Also on board is Gilles Peterson's Worldwide Festival (France), Wide Days (Scotland), Trondheim Calling (Norway), Waves Vienna (Austria), Westway LAB (Portugal), Pop-Kultur (Germany) Katowice JazzArt Festival (Poland) and Kendal Calling (England) and NYC Winter Jazzfest (USA), among others.
They join Keychange's founding festival partners -- Reeperbahn Festival (Germany), BIME (Spain), Iceland Airwaves, Way Out West (Sweden), Musikcentrum Sweden, Tallinn Music Week (Estonia), MUTEK (Canada) and The Great Escape (U.K.) – in vowing to remove the gender gap in music.
"The Keychange network of female artists and industry professionals and the festival partners' idea of establishing a collective pledge will significantly accelerate change. I hope that this will be the start of a more balanced industry which will result in benefits for everyone," said PRS Foundation CEO Vanessa Reed in a statement.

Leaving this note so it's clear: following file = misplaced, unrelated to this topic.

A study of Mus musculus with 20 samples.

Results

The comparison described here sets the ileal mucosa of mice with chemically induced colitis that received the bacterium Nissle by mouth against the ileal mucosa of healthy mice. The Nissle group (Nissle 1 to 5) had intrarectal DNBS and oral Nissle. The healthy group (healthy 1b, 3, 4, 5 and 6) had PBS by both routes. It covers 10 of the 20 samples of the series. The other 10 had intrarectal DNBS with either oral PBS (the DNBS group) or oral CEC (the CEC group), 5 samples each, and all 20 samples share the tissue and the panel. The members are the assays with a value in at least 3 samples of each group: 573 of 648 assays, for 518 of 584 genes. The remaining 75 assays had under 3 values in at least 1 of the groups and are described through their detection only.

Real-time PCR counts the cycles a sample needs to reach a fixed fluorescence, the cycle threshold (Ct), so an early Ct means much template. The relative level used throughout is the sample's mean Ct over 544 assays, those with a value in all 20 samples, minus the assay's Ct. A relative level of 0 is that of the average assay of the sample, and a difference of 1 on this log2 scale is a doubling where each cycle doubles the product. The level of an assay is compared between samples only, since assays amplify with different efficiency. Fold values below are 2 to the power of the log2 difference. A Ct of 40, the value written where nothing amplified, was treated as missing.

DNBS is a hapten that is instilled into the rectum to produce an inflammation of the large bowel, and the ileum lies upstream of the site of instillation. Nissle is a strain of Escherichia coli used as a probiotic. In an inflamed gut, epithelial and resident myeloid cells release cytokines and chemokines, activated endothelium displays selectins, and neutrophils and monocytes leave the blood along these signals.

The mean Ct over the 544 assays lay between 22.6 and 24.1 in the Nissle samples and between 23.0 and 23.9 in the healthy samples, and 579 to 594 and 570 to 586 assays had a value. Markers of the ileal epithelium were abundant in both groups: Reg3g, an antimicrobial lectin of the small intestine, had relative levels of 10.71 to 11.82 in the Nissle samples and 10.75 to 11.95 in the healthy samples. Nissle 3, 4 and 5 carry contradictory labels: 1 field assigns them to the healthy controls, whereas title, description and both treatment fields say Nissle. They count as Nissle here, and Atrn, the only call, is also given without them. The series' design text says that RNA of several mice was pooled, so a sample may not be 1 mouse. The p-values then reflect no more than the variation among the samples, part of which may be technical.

Those sentiments were echoed by Keychange's festival partners, with Alex Schulz from Germany's Reeperbahn Festival admitting its "festival stages aren't as balanced as we would like them to be. Welcoming the initiative, Schulz said that Keychange was "promoting a shift that will ultimately be good for our festivals and good for the industry as a whole."
"Achieving gender equality in the music industry requires the joint engagement of men and women from the entire cultural sector," elaborated Oslo World's Alexandra Archetti Stølen, while By:Larm's Linnéa Svensson enthused, "actions generate attitude and it starts with talent."
"An initiative like Keychange provides clear goals and measures for festivals who are already committed to presenting audiences with more diverse line-ups," added Emma Zillmann from U.K. promoters From The Fields, who run Kendal Calling, Blue Dot and Off The Record.
"By giving discrimination an ultimatum," Zillmann said, "we're ensuring that equality will eventually be the norm."